I’m So Far Behind…But God is Good

It’s been one of those months…

This month has been a fun one. It hasn’t been without any of the normal student ministry drama, family shenanigans, and personal health situations. Throughout all of that, I’ve managed to miss my weekly Inscription post all but once or twice. I cannot express how awful I feel about that, especially because I love getting to sit down and share what the Lord has been doing in my life, and praying that it encourages someone along the way.

Throughout all of the crazy that’s happened, God has moved in some incredible ways. One of the situations that occurred was me having a nodule on my vocal cord. Along with that, my doctor assigned me to not speak for 2 weeks. I’m a student pastor, y’all. I don’t have time to not be able to talk, much less for two weeks during the summer. But alas, I followed the directions of my ENT…for a week.

During that time, I got to sit back and watch. I had the opportunity to see my students worshiping, unhindered, at camp. I got to listen to one of my adult volunteers teach, followed by one of my students who is called to ministry, teach for the first time. He knocked it out of the park, by the way.

There are lessons in strugglebus times

Several people have asked what God is teaching me through this situation. The first week of this time, I was so wrapped up in self-pity and frustration that I was missing what I needed so badly. I needed to stop trying to do it all and just listen and watch for God to move.

One of my fellow local ministers shared a passage in 1 Kings 19 with me, and I missed it when he shared it with me. After reading it a few times, I finally got what his point was. The passage was 1 Kings 19:9-13, which says:

 “There he went into a cave and spent the night.

And the word of the Lord came to him: “What are you doing here, Elijah?”

10 He replied, “I have been very zealous for the Lord God Almighty. The Israelites have rejected your covenant, torn down your altars, and put your prophets to death with the sword. I am the only one left, and now they are trying to kill me too.”

11 The Lord said, “Go out and stand on the mountain in the presence of the Lord, for the Lord is about to pass by.”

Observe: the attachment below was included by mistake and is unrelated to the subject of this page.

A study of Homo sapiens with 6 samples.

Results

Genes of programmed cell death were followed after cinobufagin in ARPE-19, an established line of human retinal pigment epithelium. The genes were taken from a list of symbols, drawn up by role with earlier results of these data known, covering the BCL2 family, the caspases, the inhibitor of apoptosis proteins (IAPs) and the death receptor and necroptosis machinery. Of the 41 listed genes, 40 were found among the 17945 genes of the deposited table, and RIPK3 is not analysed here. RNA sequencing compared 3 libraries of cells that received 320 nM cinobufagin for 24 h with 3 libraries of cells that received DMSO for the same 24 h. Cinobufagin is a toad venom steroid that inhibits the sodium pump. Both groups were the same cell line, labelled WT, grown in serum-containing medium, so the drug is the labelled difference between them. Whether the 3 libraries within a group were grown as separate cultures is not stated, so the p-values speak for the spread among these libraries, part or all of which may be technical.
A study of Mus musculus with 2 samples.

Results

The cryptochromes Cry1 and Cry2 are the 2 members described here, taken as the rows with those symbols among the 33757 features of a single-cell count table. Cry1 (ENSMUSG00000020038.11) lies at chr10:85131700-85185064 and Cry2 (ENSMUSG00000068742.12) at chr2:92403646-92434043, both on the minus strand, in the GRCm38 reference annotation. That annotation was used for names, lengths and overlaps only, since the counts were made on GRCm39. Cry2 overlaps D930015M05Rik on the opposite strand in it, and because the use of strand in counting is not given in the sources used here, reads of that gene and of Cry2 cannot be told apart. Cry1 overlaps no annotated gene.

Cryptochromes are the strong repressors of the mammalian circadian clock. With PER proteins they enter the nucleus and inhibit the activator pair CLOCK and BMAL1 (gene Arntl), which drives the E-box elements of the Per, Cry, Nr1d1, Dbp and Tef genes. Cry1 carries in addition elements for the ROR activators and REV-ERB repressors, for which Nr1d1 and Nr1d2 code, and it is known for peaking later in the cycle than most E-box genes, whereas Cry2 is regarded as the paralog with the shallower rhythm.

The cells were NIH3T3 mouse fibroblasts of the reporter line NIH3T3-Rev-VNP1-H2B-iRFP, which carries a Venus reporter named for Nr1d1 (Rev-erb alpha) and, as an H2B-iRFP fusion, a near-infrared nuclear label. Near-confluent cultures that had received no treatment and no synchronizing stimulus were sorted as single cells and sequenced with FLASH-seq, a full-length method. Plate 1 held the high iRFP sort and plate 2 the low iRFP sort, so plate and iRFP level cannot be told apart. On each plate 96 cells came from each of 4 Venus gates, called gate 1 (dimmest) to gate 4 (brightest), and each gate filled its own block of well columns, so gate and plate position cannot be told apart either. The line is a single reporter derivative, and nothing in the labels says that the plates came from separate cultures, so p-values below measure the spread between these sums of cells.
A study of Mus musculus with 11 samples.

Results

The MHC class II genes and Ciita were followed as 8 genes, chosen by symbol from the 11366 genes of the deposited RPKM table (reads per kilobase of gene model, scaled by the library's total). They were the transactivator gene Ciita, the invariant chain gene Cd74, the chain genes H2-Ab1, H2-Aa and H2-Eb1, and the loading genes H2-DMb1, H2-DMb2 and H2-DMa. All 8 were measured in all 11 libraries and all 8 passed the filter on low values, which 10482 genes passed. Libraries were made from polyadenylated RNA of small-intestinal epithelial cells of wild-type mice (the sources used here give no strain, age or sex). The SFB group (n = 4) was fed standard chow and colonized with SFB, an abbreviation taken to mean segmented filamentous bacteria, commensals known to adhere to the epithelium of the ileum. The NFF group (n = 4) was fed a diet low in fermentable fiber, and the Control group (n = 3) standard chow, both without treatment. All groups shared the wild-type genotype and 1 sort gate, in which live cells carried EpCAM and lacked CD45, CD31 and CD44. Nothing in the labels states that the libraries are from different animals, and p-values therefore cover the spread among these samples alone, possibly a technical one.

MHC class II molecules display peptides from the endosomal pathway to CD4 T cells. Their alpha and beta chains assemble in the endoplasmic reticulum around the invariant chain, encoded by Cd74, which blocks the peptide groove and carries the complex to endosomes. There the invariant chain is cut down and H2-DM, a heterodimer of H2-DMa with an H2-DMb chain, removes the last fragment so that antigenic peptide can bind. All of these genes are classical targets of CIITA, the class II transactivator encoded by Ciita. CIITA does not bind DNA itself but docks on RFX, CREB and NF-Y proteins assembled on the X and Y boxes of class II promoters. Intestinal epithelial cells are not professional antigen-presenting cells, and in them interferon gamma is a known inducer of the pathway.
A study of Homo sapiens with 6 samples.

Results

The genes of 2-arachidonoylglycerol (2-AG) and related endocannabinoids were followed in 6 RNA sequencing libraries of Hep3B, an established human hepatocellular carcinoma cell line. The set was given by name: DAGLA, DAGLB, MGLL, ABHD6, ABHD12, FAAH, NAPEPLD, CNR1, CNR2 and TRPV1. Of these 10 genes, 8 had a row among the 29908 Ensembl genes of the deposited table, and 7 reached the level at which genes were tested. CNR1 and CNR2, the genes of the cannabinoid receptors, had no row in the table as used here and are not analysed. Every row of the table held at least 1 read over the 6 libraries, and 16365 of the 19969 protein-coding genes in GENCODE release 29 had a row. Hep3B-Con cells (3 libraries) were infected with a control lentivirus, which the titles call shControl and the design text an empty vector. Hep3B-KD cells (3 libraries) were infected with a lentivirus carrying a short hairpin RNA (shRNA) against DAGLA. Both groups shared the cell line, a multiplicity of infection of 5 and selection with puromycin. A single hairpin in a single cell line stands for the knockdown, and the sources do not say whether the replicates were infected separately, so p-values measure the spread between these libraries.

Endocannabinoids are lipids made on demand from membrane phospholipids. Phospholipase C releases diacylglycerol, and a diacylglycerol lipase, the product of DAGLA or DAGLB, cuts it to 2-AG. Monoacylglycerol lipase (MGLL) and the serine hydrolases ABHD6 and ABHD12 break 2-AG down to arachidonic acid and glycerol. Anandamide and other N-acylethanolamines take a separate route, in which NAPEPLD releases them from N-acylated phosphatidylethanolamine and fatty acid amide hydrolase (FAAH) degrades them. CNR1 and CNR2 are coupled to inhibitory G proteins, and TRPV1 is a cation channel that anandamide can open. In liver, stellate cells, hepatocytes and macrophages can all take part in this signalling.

Then a great and powerful wind tore the mountains apart and shattered the rocks before the Lord, but the Lord was not in the wind. After the wind there was an earthquake, but the Lord was not in the earthquake. 12 After the earthquake came a fire, but the Lord was not in the fire. And after the fire came a gentle whisper.13 When Elijah heard it, he pulled his cloak over his face and went out and stood at the mouth of the cave.

Then a voice said to him, “What are you doing here, Elijah?”

At camp, during the second week of my assigned silence, one of my good friends and mentors was teaching about silence with God. He, of course, made the required jokes about how I should be the one teaching the study. But, his passage to teach on was none other than the one my other friend shared with me the week before. The Lord officially had my attention.

Being still is hard, but is necessary

Once I decided to watch and listen to what God was going to do, I saw the Holy Spirit moving in my students. We had one of our students give her life to Jesus, which is amazing on its own. Her back story, however, is what makes everything so much sweeter. This particular student had been fighting the Lord for a while on whether or not she had a real relationship with Jesus. She wasn’t sure if she just had a case of coattail faith. Wednesday night, she relented and gave it all to Jesus. The peace in her persona is undeniable, and is a direct result of surrendering it all to Jesus.

She was one of three students from our group who surrendered it all to Jesus. As I was sitting back, not singing but watching, I saw the look of relief on these students’ faces as they gave Jesus control of their lives. They had heard the soft whisper that Elijah had heard. In the chaos of my own head, I had been trying to listen to the whisper. I’d missed it because I couldn’t get past my own perceived problems. Once I got over and past the self-pity, I began to realize that I don’t have to be able to use my voice to worship God. I don’t have to be able to physically sing to be able to cry out to Him. It’s okay to live vicariously through watching others praise Jesus.

What’s been my takeaway from this whole thing? I’ll be honest with you guys, I’m not convinced that God is done teaching me. I’m not convinced that I’ve really heard the gentle whisper. I’m anxiously awaiting to find out for myself what “life lesson” God is going to teach. I know it’ll happen, but until I know exactly what it is, I’ll keep trying to listen through the noise.

God is Good. He loves us. Sometimes we have to just shut up, grow a nodule on our vocal cord, and listen.

What ways has God used to get your attention and caused you to slow down, give up control, and listen?

Phillip Whitfield
Phillip Whitfield is a passionate follower of Jesus and a youth pastor, husband, father, and an all around nice guy! When he's not sun tanning on the beach in South Texas, he's studying to teach young people about Jesus and hoping to support parents in raising up their children in the ways of God so that they never depart from it!